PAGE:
Why Does CNN Seem to Want Donald Trump Re-Elected?
If you don’t follow the news too closely, you might think there was an epic feud between Donald Trump and CNN. After all, Trump’s team once barred CNN’s White House correspondent from press briefings. And, every so often, Trump will say something mean about the network on Twitter.
Sounds like a real grudge, right? It’s not. The next day, CNN host Chris Cuomo will host Trump lawyer Rudy Giuliani so he can say anything he pleases on the president’s behalf.
Cuomo, the highest-rated CNN anchor, interviews whomever he thinks might boost his ratings. (Anderson Cooper will, too.) After a particularly egregious lie-fest with Kellyanne Conway or another Trump official, Cuomo might hear a backlash from real journalists (possibly even Don Lemon.)
But since CNN’s entire concept is drama, he’d never be reprimanded. “The idea that politics is sport is undeniable, and we understood that and approached it that way,” CNN president Jeff Zucker, a personal friend of Trump’s, said about the 2016 election.
Heading into 2020, Zucker and his CNN crew are pulling out all the stops to cash in again in the blood-sport style — and Trump is the villain they’ll happily ride to victory.
CNN’s odd approach to ‘being pro-truth’
To understand Zucker, simply follow the history of him and Trump since the turn of the century. In the early 2000s, he gave the green light to The Apprentice as head of NBC. A few years later, he attended Trump’s 2005 wedding, which Zucker hoped to televise.
Starting in 2015, if there was a Trump speech anywhere, CNN (which Zucker began running in 2013) would air it live. The strategy worked, and Zucker’s only expressed occasional remorse for broadcasting Trump’s torrent of lies in real time. However, it depends who’s interviewing him.
Speaking to David Axelrod in late 2018, Zucker sounded noble in his mission at CNN. “We should always set out to be pro-truth,” he said. “And all I encourage our shows and our anchors to be, is to hold those in power accountable and tell the truth.”
In practice, anchors like Cuomo have struggled with this concept. On March 14, Lemon called him out on the air for hosting Conway, “someone who just constantly lies.”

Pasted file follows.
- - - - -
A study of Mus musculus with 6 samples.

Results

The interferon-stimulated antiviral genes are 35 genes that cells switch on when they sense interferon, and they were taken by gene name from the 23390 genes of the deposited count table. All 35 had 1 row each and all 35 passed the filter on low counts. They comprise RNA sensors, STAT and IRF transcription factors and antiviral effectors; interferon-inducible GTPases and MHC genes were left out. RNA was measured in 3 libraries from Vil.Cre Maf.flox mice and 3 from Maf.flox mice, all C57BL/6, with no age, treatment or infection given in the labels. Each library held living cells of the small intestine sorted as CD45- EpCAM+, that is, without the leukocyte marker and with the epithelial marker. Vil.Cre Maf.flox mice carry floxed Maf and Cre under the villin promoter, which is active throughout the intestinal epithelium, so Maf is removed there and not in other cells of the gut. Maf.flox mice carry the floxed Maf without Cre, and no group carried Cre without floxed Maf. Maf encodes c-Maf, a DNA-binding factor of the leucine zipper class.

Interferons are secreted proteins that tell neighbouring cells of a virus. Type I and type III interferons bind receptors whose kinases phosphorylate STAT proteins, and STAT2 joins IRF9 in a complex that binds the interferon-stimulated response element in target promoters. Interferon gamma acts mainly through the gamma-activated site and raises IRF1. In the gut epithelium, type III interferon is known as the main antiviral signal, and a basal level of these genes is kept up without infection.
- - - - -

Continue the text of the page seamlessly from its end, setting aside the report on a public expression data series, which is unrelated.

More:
Cuomo’s response — that he’d have no one to interview if he held them to the truth — has to be heard to be believed. If you went by Zucker’s dictate of “holding those in power accountable,” Conway would likely never return. And Cuomo’s audience would not get lied to anymore.
But that’s not what’s happening because it might alienate a few viewers. Maybe Axelrod, who works for Zucker at CNN, didn’t feel like pressing him on the subject. During less friendly interviews, Zucker talks a different game. At SXSW 2019, he said it was “a mistake” to broadcast Trump’s rallies.
But he returned to the fictional concept of being somehow in the middle. “At Fox, Donald Trump can do no wrong. At MSNBC, Donald Trump can do no right. And I don’t think either one of those is right.”
In other words, the when-necessary pro-Trump show must go on.
Zucker’s role as ‘Trump translator’ in 2020
When you start from the principle that many things Trump says must be “right,” it means your commentators can repeat his words freely. Zucker happily did that with Jeffrey Lord, a habitual liar who eventually got fired for tweeting a Nazi slogan. (Both sides, folks.)
As Drew Magary wrote in GQ, Zucker approved of Van Jones’s assessment that Lord was merely “a Trump translator” (as opposed to, say, simply some racist liar). Zucker described Lord and other such Trump surrogates as “characters in a drama.” (Pro-truth, folks.)
Then there was this embarrassing spectacle on CNN’s Twitter account: “On the evening Robert Mueller submitted his report to the Justice Department, President Trump was on the tiled patio of Mar-a-Lago, bathed in golden light, with his wife and son Barron, who had reached teenagerhood two days earlier.” (Journalism, folks.)
Somehow, CNN’s editorial staff considered this a form of journalism. However, it came with CNN reporters’ wide acceptance of Attorney General Barr’s summary of the Mueller report as fact. (No one has seen it to date.)
If you needed any greater sign as to where CNN is headed in 2019-20, check in on the backlash following the hire of Sarah Isgur, a GOP operative and spokesperson for Jeff Session. At the time of Isgur’s hire, CNN had said she would be managing 2020 campaign coverage.
The only problem? Isgur has never worked as a journalist before. After a great deal of scrutiny, CNN decided to make Isgur a political commentator. (Trump translators can be journalists is they put their minds to it, we suppose.)
Any way CNN can get more eyeballs and engagement, it will do so between now and November 2020. If returning Trump to the White House is the only available route, the network will go all-in to make it happen. It’s business, folks — the sports business — and CNN wants to win, badly.